Cops in search scandal could be boon to George Gascón in November election 

Six officers accused this week by the Public Defender’s Office of conducting warrantless searches of residential hotel rooms are already falling victim to San Francisco’s political grindstone.

The officers’ former boss during the raids — three cases have been dismissed already — is not Chief George Gascón anymore but District Attorney George Gascón. Any criminal prosecution of the cops will come from his office unless he passes on the investigation to another agency such as the state Attorney General’s Office.

Public Defender Jeff Adachi has called on Gascón to do just that, but after meeting with Gascón this week, Adachi eased up on those demands, saying he was told that the district attorney would conduct an independent investigation.

But Adachi has an interest in seeing the cops prosecuted. What if Gascón has an interest in seeing them prosecuted as well?

As San Francisco politics go, a district attorney who is tough on problem cops is a shining star, and some insiders are saying that Gascón could ride the issue into the November election.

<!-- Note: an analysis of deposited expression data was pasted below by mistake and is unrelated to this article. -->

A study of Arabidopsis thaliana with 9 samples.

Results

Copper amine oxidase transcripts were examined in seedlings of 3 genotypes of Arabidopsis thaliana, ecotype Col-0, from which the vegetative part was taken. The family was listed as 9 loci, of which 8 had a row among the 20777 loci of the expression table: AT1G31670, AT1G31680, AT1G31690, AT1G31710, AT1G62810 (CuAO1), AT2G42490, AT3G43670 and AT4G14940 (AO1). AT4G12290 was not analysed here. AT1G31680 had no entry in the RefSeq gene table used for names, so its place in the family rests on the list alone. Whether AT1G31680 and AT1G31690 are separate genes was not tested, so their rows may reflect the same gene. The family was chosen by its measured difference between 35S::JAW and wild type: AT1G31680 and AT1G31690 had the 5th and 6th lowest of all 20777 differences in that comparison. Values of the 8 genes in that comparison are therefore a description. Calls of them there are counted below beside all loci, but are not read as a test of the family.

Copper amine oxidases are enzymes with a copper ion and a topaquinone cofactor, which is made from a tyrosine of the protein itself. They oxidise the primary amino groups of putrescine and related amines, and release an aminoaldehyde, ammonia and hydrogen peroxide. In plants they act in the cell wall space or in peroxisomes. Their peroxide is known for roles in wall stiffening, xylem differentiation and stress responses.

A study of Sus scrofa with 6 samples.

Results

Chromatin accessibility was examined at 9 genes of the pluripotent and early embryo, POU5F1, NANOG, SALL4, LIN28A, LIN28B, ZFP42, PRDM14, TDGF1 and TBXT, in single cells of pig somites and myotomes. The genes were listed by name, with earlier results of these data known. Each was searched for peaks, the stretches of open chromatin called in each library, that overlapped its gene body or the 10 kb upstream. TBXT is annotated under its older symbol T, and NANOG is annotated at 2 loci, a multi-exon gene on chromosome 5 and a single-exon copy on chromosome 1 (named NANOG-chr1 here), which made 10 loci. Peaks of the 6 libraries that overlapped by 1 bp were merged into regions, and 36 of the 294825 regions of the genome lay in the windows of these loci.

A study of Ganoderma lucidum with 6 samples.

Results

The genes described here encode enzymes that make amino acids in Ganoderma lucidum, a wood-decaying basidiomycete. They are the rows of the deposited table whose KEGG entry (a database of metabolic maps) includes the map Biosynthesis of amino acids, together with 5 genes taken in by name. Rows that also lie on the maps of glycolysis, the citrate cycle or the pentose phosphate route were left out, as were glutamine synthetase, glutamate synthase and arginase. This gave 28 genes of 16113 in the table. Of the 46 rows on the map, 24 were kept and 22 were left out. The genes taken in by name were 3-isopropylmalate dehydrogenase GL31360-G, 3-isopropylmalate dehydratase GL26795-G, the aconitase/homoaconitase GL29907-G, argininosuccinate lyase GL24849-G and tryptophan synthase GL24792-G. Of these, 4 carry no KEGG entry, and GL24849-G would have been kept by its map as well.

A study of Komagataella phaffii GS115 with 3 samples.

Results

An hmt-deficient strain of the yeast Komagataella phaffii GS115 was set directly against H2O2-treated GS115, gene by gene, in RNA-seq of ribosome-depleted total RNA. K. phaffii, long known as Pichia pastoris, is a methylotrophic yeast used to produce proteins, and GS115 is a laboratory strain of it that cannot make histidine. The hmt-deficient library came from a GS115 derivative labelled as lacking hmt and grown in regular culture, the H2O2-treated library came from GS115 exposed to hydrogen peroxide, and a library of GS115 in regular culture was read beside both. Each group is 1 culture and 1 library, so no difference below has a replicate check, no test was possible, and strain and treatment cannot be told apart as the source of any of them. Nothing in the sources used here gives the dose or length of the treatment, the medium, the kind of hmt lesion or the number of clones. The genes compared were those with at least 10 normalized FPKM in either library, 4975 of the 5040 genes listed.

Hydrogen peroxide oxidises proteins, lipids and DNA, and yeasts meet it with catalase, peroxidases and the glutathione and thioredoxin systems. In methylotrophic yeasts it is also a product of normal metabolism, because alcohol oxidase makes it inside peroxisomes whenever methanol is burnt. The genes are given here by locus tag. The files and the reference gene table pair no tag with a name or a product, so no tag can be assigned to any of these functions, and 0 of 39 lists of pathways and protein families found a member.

His opponent, David Onek, sent out a letter Thursday calling on an independent investigation because whatever happens with these six officers there will be a “clear conflict of interest” if Gascón makes the decision.

“Whatever decision Gascón now makes, he will highlight to the public his conflict of interest as the former police chief,” Onek wrote. “If he decides not to charge the officers, the public will question if he did so to protect his former officers or his former administration. If he decides to press charges, the officers themselves will ask if he is doing so because he is a candidate for office and feels the need to show a tough attitude towards his former department.”
The Police Department is holding a press conference this afternoon to update the status of the internal investigation.